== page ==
Tuesday, 28 July 2015 05:26

Samarkand is essentially a city and at least for me did not quite have the charm and small town feel of Bukhara. The historic part is well preserved and is partly still in the process of being renovated. It was good to relax at Bahodir and take evening strolls in the cooler evening air. The cyclists I had met in Bukhara, Dan and Ritzo left a couple of days before me as their Tajik visas were already valid. Then Patrick and Andreas from Berne and Disentis respectively turned up. Andreas had independently followed Patrick overland from Switzerland hearing various stories through Serbia, Turkey and Iran from other travellers about him, but this was actually the first time they met and my first time since leaving home to hear Schwiizerduutsch again. 

After several days break here and unashamed amounts of ice cream, beer and pizza, I headed back out to the real Uzbekistan. The following days were again hot and the daily rhythm was to leave early (around 5am), relax somewhere from 11am - 5pm and then cycle the second shift. The people here are amazingly kind and hospitable. I was put up in someones house where the wife was celebrating her birthday. It was approaching darkness and I had asked where I could pitch my tent when the invitation came. Not only did I get a bed (futon on the floor), but also copious amounts of food. On the road there are simply so many invites for grapes or melon that most simply have to be declined with a polite wave of the hand.

Other than for overlanders travelling between Europe and Asia, Uzbekistan will never make it as a major cycle touring destination. Even the main roads can be quite rough and after a solid section of asphalt, gravel and stones can appear for several km without notice. The landscape also becomes relatively monotonous with days of flat roads flanked by cotton fields and sporadic houses. The cyclist here is for many like some kind of zoo animal to be shouted at, hooted at and laughed at. The intention is in most cases good, but after a while it becomes tedious and any of these actions were simply ignored unless they were in my immediate field of vision, when they would get a 'hello' in return. Perhaps more annoying and certainly more dangerous are the small shared taxis (marshrutkas as they are called here) which, at the site of a potential passenger, can pull out or pull in at no notice. Other interesting highlights here were:

* Huge quantities of money and the black market. The official rate is 2500 Som / USD but on the black market you can get up to 4300. Changing 50 USD gives you a huge wad of notes as the highest note in common circulation is the 1000 Som.

50 USD in Uzbek Som

* Constant offers of handshakes as if you are a close long lost pal.

* Deep drop toilets.

 A classic and particularly clean 'long drop'

* Plov, lagman and somsas - the national dishes which have fueled me through the country.

* Many weddings and bridal clothing shops.

* Bed like eating areas at the tea houses where you can eat and then lie down for a siesta:

Time for a siesta

I covered the ground to the border quicker than exected and passed through a particularly scenic mountain area around Derbent:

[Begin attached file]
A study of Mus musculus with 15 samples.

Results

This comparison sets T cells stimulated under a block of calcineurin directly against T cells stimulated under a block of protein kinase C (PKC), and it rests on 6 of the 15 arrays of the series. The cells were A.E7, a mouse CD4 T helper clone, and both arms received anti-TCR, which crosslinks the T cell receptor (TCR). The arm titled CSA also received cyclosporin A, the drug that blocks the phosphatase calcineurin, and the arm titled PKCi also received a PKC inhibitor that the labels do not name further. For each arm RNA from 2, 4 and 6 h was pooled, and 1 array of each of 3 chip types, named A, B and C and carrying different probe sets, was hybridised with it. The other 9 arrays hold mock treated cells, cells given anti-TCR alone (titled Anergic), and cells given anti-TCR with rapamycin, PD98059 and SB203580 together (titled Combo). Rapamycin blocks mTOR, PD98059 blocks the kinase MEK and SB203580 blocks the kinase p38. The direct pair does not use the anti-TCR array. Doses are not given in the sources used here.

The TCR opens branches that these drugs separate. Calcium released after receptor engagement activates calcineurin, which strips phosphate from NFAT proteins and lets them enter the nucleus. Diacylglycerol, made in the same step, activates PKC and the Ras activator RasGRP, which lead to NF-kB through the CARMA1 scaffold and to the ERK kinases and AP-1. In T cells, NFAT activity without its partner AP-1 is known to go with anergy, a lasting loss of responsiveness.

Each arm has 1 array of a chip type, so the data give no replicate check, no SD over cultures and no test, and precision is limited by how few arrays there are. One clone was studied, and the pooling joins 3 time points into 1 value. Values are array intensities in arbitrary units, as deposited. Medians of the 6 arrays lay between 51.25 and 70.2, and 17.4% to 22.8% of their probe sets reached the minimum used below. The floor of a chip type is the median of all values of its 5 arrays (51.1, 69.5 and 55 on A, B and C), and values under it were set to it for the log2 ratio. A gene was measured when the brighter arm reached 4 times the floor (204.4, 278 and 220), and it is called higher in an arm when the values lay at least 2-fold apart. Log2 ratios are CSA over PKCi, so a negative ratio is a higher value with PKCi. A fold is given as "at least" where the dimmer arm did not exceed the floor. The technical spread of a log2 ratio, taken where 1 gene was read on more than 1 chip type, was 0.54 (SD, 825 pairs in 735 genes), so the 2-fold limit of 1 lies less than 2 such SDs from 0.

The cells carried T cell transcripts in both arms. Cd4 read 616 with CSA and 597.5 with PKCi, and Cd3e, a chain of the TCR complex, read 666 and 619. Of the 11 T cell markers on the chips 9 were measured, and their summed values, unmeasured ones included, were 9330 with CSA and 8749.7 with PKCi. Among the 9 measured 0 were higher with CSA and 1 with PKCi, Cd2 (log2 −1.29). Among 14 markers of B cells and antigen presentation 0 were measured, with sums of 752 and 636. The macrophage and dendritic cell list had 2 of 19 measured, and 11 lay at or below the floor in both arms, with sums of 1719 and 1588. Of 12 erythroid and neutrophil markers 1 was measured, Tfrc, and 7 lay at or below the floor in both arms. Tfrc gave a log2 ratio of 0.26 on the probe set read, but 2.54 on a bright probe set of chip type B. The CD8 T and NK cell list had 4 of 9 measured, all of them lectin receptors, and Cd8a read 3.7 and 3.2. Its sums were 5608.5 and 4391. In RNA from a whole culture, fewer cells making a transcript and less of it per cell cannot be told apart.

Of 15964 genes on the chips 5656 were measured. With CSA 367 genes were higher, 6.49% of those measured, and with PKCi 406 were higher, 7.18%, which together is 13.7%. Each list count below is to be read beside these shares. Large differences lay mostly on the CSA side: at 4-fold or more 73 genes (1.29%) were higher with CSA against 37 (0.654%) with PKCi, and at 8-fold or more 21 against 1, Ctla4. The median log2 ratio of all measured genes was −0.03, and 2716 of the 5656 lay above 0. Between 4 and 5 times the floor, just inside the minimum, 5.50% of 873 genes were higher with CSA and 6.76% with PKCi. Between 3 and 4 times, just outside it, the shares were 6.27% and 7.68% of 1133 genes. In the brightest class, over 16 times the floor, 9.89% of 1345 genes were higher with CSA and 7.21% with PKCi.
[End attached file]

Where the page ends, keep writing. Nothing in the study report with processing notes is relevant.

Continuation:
Scenic sunset on the road to Derbent

I spent the extra days in Termiz and Denau, which according to a fellow cyclist has the best supermarket this side of Georgia!

Both towns offered a taste of normal urban Uzbek life and the sanctuary of my own hotel room away from any interrogations and prying eyes.

Wednesday, 22 July 2015 07:20

Bukhara is a fairly compact town with a maze of back streets for getting lost in and an ample supply of UNESCO acclaimed restored buildings. At night the main pedestrian street comes alive with kids driving small electric cars, locals walking up and down and old ladies selling various trinkets. It was a nice atmosphere and a perfect place to unwind for a few days in the company of some other Europeans. 

It also seems to be one of the meeting points of the cycling touring community. Dan from the UK grew up 20km from myself and has cycled here from Manchester. His ongoing route looks very similar to mine, so we will no doubt meet on the road again. (He left Bukhara a day before me) Ritzo from Holland is also heading to the Pamirs.

The days here were also relatively cool due to some whispy clouds covering the sky. Apparently the temperatures in Uzbekistan are regularly fudged in the summer as the government has to pay workers more when it hits 40C.  There are therefore many days where the mercury peaks at 39C!

From Bukhara it is around 270km on to Samarkand. The countryside is relatively monotonous and flat, but the cycling here is never dull. The locals shout repeatedly 'hello' and deeper conversations then go onto 'hat kuda' meaning 'where are you from'. Having got bored with the standard 'anglia', I researched a few other countries in my dictionary and then used these for variety. Bus stops here are a welcome retreat. They mostly offer good shade and a chance to cool down, relax and snack on whatever may be found in your panniers.

Vehicle maintenance Uzbekistan style:

Vehicle maintenance Uzbek style

After an overnight in Navoiy, I arrived early evening to Samarkand and Bahodir hostel to catch old friends and meet new friends. The staff in the hotel in Navoiy had served me a huge breakfast at 4:30 am which had set me up well for dealing with another day of headwinds. The shady courtyard of Bahodir was full of bikes and new guests are offered watermelon, wafers and tea - just what was needed after over 12 hours on the road.